A California state legislator is proposing a bill that would ban the captivity of orcas or killer whales for entertainment at SeaWorld. According to state Assembly Member Richard Bloom (D), who proposed the bill, “It is time that we embrace that he long-accepted practice of keeping orcas captive for human amusement must end.”
The proposed bill would end performance-based entertainment for all orcas in California, as well as end captive breeding programs and the export or import of genetic material or orcas within the state, CNN reports.
The legislation comes less than a year after the release of the controversial documentary film, Blackfish, which exposes the inhumane nature of orca captivity. At a press conference on Friday, Bloom was joined by Blackfish director Gabriela Cowperthwaite and two former SeaWorld trainers.
“This is about greed and this is about corporate exploitation, both of the whales and the trainers, but most importantly the whales,” John Hargrove, a former SeaWorld trainer, said at the conference.
The documentary Blackfish exposes the dangerous misconceptions about keeping large and highly-intelligent animals like orcas in captivity. It also highlights the numerous deaths caused by orcas in captivity and exposes how captivity affects orcas’ mental and physical well-being as well as how trainers have been kept in the dark about captive orca killings and been misled to believe that whales live longer, healthier lives in captivity.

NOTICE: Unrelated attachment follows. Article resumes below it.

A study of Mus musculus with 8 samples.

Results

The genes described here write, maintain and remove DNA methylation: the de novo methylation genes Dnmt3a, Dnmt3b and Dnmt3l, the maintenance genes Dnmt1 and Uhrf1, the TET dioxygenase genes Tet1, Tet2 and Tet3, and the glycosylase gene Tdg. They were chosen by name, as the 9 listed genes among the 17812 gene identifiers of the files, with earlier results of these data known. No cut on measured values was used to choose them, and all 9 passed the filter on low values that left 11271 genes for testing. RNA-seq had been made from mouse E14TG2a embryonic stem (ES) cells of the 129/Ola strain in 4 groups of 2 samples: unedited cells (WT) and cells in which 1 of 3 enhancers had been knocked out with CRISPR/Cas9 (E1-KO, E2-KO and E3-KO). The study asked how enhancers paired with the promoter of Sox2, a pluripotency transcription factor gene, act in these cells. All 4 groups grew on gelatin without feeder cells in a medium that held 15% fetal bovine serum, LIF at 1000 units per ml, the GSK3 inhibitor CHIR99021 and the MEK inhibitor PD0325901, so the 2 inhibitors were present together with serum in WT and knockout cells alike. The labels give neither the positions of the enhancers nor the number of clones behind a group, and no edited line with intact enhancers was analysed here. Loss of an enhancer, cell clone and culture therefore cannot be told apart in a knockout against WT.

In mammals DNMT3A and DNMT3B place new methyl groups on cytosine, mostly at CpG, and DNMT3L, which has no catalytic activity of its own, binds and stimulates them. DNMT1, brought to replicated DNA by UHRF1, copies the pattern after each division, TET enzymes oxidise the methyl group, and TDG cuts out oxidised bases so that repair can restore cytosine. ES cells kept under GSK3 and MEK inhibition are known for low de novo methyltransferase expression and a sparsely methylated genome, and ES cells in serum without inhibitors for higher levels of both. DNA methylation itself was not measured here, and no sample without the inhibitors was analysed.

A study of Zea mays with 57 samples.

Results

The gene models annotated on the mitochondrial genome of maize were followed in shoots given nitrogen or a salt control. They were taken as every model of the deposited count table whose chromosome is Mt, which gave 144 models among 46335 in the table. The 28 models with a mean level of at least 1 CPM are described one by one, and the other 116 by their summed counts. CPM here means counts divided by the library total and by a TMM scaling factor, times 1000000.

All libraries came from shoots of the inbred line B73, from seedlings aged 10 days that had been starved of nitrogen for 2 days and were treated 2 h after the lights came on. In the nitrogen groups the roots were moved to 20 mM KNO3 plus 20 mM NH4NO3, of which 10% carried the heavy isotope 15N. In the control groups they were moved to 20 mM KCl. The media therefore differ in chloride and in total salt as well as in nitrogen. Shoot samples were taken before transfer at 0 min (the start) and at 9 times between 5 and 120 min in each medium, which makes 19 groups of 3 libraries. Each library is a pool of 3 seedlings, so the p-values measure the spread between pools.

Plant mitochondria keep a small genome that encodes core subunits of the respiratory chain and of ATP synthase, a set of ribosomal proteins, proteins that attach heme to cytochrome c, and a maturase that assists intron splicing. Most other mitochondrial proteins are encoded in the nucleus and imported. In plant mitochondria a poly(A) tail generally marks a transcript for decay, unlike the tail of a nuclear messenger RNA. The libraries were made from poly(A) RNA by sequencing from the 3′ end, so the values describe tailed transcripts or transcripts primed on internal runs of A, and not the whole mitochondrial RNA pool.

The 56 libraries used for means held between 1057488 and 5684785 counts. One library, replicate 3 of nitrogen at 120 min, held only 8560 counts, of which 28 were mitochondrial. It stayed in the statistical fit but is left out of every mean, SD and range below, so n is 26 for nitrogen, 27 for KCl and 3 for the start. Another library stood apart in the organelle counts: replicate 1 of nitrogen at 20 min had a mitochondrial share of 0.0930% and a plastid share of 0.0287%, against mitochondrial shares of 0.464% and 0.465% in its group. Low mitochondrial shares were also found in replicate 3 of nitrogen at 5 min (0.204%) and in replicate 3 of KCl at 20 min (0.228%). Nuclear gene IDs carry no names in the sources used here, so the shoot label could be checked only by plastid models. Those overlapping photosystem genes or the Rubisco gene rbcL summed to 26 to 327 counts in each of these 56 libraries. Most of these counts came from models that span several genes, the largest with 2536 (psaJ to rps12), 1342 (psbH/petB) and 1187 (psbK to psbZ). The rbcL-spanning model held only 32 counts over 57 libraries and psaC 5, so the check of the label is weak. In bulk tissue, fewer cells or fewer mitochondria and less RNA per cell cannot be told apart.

In response to the new bill, SeaWorld has said that the law, even if enacted, would likely be struck down and argues that it would probably be invalid under state and federal constitutions. “The premise behind this proposed legislation is severely flawed on multiple levels, and its validity if highly questionable under the United States and California Constitutions,” a SeaWorld spokesperson said in a statement.
However, four leading animal law experts told ClimateProgress that they believe that if SeaWorld were to challenge the law, the company would not be successful.
David Farve, Professor of Property and Animal Law at the Michigan State College of Law told ClimateProgress he was “not aware of anything on the federal level that would trigger a constitutional violation and that the proposed bill appears to be “a lawful exercise of state police power to deal with animal-related issues.”
SeaWorld has faced additional backlash as a result of the release of the documentary film last July. Recently, it was discovered that the company altered an online poll about the documentary in order to weight the poll in its favor. A single IP address belonging to SeaWorld.com and SeaWorld Parks & Entertainment was responsible for more than half of the responses to a poll buy the Orlando Business Journal.
The company has also accused the documentary filmmakers of creating an “emotionally manipulative” film. In January, Director Gabriela Cowperthwaite asked SeaWorld to engage in a public debate over issues addressed in the film after the company claimed the film is “propaganda” and untrue. The company rejected her offer.